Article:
With DuBose, O's have lot left to trade


Reliever's strong spring makes Ryan expendable

O's lineup full of regulars

Orioles notebook


March 09, 2003|By Joe Christensen | Joe Christensen,SUN STAFF

FORT MYERS, Fla. - Every spring, baseball teams look for one player to emerge as a surprise. Last year for the Orioles, it was Rodrigo Lopez. This year, it could be left-handed reliever Eric DuBose, and that development could be beneficial when it's time to make a trade.

DuBose was supposed to throw two innings of relief yesterday against the Minnesota Twins, and he did so well, the Orioles sent him back for a third inning.

Michael Cuddyer hit the go-ahead home run that inning for Minnesota, but it was another impressive performance for DuBose: three innings pitched, two hits, one run and two strikeouts.

The Orioles had to love it that DuBose fared so well against the Twins, who announced yesterday that former University of Maryland left-hander Eric Milton will miss at least half the season with a knee injury.

Minnesota is officially in the market for a left-hander, and the Orioles trotted out three of them yesterday in Omar Daal, DuBose and B.J. Ryan. The Twins will probably look for an inexpensive left-handed reliever to fill the void with Johan Santana moving into the starting rotation.

Ryan has been a trade target before, but the Orioles were always leery of leaving Buddy Groom as the only left-hander in the bullpen. Now Ryan, 27, and DuBose, 26, are distinct trade options.

Orioles executive vice president Jim Beattie said he spoke with Twins general manager Terry Ryan recently, but nothing came of it. The Orioles have also spoken with the New York Mets, with Pedro Astacio headed to the disabled list, and the San Diego Padres, who may have lost closer Trevor Hoffman for the season.

For now, Beattie said, these teams are trying to find out whether they have enough in-house talent to cover the injuries.

The Twins are loaded with up-and-coming hitting prospects, but there's very little chance they will part with Cuddyer, Dustan Mohr, Bobby Kielty or Michael Restovich. The Orioles would have a more realistic shot at Lew Ford or Michael Ryan, two others turning heads this spring on their way back down to the minors.

Barring any trades, it will be difficult for DuBose to crack the Opening Day roster. Orioles manager Mike Hargrove said he plans to keep 12 pitchers, but long-relief duties will likely go to Jason Johnson, Pat Hentgen or Rick Helling - depending on which one of those three doesn't make the starting rotation.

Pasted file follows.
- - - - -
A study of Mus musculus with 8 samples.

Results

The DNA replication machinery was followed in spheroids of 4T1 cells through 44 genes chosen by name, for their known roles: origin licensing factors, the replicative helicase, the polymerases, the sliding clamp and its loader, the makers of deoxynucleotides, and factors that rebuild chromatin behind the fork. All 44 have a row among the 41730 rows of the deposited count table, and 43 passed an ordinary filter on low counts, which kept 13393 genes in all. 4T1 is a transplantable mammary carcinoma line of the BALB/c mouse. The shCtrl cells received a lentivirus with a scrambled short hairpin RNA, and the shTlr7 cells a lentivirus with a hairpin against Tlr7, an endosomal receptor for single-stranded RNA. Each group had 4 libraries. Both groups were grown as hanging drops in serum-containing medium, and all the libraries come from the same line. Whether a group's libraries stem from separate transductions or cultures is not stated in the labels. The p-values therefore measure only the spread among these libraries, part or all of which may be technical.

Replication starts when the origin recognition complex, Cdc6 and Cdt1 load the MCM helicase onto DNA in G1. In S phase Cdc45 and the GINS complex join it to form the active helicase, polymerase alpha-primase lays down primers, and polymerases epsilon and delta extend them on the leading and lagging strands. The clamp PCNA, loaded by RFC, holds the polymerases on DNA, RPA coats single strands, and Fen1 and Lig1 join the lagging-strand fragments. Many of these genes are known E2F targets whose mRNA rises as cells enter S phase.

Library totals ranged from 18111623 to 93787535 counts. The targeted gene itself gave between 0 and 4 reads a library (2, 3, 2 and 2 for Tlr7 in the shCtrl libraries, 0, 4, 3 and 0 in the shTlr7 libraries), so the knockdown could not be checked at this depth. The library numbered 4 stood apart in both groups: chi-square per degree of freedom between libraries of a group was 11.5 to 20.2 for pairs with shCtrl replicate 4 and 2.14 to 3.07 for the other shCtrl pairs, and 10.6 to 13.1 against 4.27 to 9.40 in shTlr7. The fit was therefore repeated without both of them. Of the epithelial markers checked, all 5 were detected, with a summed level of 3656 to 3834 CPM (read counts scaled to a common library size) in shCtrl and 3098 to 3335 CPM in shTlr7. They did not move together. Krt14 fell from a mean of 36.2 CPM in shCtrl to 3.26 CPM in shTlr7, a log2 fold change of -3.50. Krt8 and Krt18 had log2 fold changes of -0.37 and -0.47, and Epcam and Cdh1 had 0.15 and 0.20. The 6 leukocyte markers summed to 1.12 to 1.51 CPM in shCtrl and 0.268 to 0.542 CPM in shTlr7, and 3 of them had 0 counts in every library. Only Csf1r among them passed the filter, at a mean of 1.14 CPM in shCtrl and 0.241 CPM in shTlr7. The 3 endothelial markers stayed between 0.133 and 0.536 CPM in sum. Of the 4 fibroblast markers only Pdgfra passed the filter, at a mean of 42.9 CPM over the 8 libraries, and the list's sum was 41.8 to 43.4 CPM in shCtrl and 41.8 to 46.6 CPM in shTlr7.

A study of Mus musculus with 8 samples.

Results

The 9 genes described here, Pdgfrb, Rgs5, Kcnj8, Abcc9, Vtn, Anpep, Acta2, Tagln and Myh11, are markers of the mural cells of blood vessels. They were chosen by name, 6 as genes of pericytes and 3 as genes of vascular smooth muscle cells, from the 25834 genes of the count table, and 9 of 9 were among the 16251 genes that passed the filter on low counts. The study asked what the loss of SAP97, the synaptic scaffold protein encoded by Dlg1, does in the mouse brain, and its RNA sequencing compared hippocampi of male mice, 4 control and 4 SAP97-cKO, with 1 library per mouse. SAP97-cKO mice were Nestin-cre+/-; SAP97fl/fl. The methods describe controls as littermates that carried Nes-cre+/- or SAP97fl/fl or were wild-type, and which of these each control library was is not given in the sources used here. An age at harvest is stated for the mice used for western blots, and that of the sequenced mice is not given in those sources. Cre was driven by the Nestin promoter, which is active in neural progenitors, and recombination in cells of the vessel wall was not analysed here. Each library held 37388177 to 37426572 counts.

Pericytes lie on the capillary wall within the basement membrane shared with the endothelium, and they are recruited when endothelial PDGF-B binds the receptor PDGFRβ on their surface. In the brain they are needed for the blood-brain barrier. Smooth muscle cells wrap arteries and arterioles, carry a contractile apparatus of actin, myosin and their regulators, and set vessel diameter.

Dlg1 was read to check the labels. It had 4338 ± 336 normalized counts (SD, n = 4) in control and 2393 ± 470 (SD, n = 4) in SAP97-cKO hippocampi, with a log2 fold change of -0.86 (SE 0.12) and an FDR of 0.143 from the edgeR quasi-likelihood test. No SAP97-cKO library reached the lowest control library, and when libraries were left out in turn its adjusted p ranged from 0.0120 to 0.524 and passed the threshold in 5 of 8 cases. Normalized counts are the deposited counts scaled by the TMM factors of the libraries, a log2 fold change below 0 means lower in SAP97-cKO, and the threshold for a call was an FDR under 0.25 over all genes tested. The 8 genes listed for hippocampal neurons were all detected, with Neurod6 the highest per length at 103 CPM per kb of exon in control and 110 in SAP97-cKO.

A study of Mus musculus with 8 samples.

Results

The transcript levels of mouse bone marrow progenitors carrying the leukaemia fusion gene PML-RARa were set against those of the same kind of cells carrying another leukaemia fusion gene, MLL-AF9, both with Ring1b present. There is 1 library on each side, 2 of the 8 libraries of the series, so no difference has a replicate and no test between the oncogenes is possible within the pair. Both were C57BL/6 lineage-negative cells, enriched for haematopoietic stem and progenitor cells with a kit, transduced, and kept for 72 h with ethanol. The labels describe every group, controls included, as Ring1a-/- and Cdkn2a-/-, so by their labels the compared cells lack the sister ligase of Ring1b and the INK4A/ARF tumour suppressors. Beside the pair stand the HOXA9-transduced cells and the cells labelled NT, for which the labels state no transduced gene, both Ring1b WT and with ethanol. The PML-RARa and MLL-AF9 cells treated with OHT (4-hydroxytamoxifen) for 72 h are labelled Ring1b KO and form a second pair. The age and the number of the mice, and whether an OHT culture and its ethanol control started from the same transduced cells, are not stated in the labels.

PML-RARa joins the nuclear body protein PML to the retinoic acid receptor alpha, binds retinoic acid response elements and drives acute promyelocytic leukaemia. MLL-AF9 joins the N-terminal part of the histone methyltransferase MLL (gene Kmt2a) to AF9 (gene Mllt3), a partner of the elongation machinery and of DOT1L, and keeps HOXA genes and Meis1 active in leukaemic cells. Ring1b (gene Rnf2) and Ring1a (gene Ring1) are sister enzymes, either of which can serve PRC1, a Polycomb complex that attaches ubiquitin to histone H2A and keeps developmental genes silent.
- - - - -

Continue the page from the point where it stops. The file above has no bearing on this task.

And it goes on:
But if the Orioles do trade a starter, as expected, DuBose might get the chance to continue mirroring what Lopez did last year. It's quite a story, considering that DuBose was a first-round draft choice with Oakland in 1997 but never reached the big leagues until last season because of arm injuries.

"He's shown us the ability to be able to match up against left-handers," Hargrove said, "and to give you three or four innings."

Real Orioles show up

The Orioles made the two-hour drive across Alligator Alley from Fort Lauderdale to Fort Myers and fielded a potential Opening Day starting lineup: Jerry Hairston 2b, Gary Matthews cf, David Segui dh, Jeff Conine 1b, Jay Gibbons rf, Tony Batista 3b, Marty Cordova lf, Deivi Cruz ss, Geronimo Gil c.

Asked whether it was an Opening Day preview, Hargrove scanned his lineup card for a moment and said, "Could be."

Hargrove said yesterday's lineup came together by chance, with the need to get his regulars some at-bats.

Still, it was a sharp contrast to the lineups other teams have been bringing to Fort Lauderdale Stadium this spring. Baseball has a mandate requiring teams to use at least four non-pitching regulars in their lineup for exhibition games, but Orioles opponents have been flouting that rule, probably because Fort Lauderdale is so far from every other spring training site.

The Twins came last week without Torii Hunter, Jacque Jones, Corey Koskie, Doug Mientkiewicz, Cristian Guzman, Luis Rivas and A.J. Pierzynski.

The Los Angeles Dodgers came without Paul Lo Duca, Fred McGriff, Cesar Izturis, Adrian Beltre, Brian Jordan and Shawn Green. Neither of those teams had split-squad games that day.

No more ambiguity

Daal was unhappy last season with the Dodgers when they bounced him between the starting rotation and the bullpen. He said he signed with the Orioles as a free agent this winter, in part, because he knew he could be a part of the starting rotation, without the uncertainty.

Even with a logjam that could send one established starter to the bullpen, Hargrove has not mentioned Daal as a relief candidate.

"The fact he's a little versatile and can pitch out of the 'pen is attractive, but we look at him as a starter," Hargrove said. "I'm sure it's entered people's minds [Daal's ability to relieve], but we haven't discussed it."